You may may not be aware of it but today is International Workers’ Memorial Day and for the first time the UK government is to officially recognise it. This official acknowledgement is a landmark for those who have campaigned for the whole country to remember all those killed at work.
The day will also act as a powerful focus to help reduce risks and protect people from injury in the workplace. International Workers’ Memorial Day originated in Canada but, since 1989, trade unions in the USA, Asia, Europe and Africa have organised events on and around 28 April. The intention is to focus and reflect on workplace illness, injury and death and their causes.
John Holden, President of the Institution of Occupational Safety and Health (IOSH), said:
“We welcome the government’s intention to formally recognise International Workers’ Memorial Day. Last year, 180 people were killed in workplace accidents in the UK, and around 246,000 workers were injured. In 2007, 2,156 mesothelioma deaths were linked to exposure to asbestos – a figure that is likely to rise over the coming years.”
Over the last decade in the UK, 61 under-19s have been killed at work. Manchester teenager Steven Burke was one of them…
Lack of supervision takes a young life
Steven Burke, from Levenshulme, in Manchester, was like any other 17-year-old, with a lifetime and career ahead of him. He had a love of karate, a martial art he had been practising since the age of five. Steven’s father, Bernard, said: “He used to do karate about three or four times a week”.
Steven also had dreams of one day becoming a fully qualified scaffolder and maybe even opening up his own business. He had recently started working as a trainee scaffolder but, on 30 January 2004, Steven’s life was taken by the workplace.
The 17-year-old’s trainee job had taken him to the Davyhulme Waste Water Treatment Plant, where he was completing the construction of a scaffold inside an empty 20 metre high sewage digester tank.
Steven was in a four-man team completing the birdcage scaffold when he fell 10-16 metres. He died in Wythenshawe hospital as a result of serious head and abdominal injuries sustained from the fall.
Speaking of how he and his family have coped since the loss of their son, Bernard Burke said:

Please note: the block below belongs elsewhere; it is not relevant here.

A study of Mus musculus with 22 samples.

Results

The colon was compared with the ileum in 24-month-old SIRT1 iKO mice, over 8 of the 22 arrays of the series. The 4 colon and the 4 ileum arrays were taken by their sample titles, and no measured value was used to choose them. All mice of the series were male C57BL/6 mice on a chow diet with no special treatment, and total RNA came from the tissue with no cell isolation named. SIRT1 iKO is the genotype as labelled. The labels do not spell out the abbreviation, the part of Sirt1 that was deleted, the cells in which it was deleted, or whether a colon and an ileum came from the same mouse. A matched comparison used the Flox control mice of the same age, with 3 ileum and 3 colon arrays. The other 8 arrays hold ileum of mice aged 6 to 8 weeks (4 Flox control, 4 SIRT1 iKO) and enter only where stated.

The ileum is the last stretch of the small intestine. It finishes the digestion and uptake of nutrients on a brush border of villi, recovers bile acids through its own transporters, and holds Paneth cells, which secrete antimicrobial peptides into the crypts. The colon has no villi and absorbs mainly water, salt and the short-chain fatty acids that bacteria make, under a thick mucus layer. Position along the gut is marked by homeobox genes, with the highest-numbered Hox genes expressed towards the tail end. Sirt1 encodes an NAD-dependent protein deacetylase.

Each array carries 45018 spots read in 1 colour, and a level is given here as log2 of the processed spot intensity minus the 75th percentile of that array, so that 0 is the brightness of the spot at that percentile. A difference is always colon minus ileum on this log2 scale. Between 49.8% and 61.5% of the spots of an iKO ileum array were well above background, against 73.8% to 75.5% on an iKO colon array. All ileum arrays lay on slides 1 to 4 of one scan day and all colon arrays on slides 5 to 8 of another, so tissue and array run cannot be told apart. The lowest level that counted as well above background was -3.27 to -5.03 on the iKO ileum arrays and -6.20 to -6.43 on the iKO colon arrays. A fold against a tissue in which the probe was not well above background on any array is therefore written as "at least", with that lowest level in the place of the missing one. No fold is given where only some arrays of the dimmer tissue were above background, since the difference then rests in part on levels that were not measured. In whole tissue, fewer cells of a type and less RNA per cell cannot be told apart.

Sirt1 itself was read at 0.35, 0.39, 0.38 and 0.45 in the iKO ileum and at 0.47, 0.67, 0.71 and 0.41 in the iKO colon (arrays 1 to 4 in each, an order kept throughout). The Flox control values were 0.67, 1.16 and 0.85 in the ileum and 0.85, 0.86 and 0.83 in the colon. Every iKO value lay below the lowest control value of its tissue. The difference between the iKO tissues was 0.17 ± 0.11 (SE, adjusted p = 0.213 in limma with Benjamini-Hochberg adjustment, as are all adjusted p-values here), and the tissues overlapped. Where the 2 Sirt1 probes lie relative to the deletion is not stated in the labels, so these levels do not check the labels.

“I coped as well as I could, but my wife had a nervous breakdown and it’s only been about a month since she came off prescription pills because of it. She’s only just recovering, six years after Steven’s death”.
The Health and Safety Executive (HSE) inspector found that there was a substandard method of scaffolding construction, a lack of safety measures, inadequate supervision and emergency procedures. There was a lack of secure ladders, guardrails and toe-boards on the scaffolding, as well as issues with the safety harnesses, that contributed to the scaffolding being well below industry standards approved by the HSE.
It was also found that the person supervising was no more qualified than Steven, and that the four-man crew were doing work that wouldn’t have been necessary had the scaffolding been built in the correct way.
Steven’s employers were found guilty of various offences under the Health and Safety at Work Act 1974.
Challenging employers who cut corners with the health and safety of their employees, especially young workers, Steven’s dad said:
“If Steven’s death highlights anything, it’s that there is a need for more supervision of young workers. There was no supervision, they moved him from one job to another and the job was done to short standards.”
Steven’s mum, Barbara, added:
“Steven was far too young to die and we want employers to act now to prevent other young people being killed at work by their negligence.”
Steven’s family is one of many families campaigning for Families Against Corporate Killing (FACK – www.fack.org.uk) and although the Burkes have been shattered by the loss of their son, they want his story to be told to stop other young workers, and those inexperienced in the working world, from being killed simply for doing their job.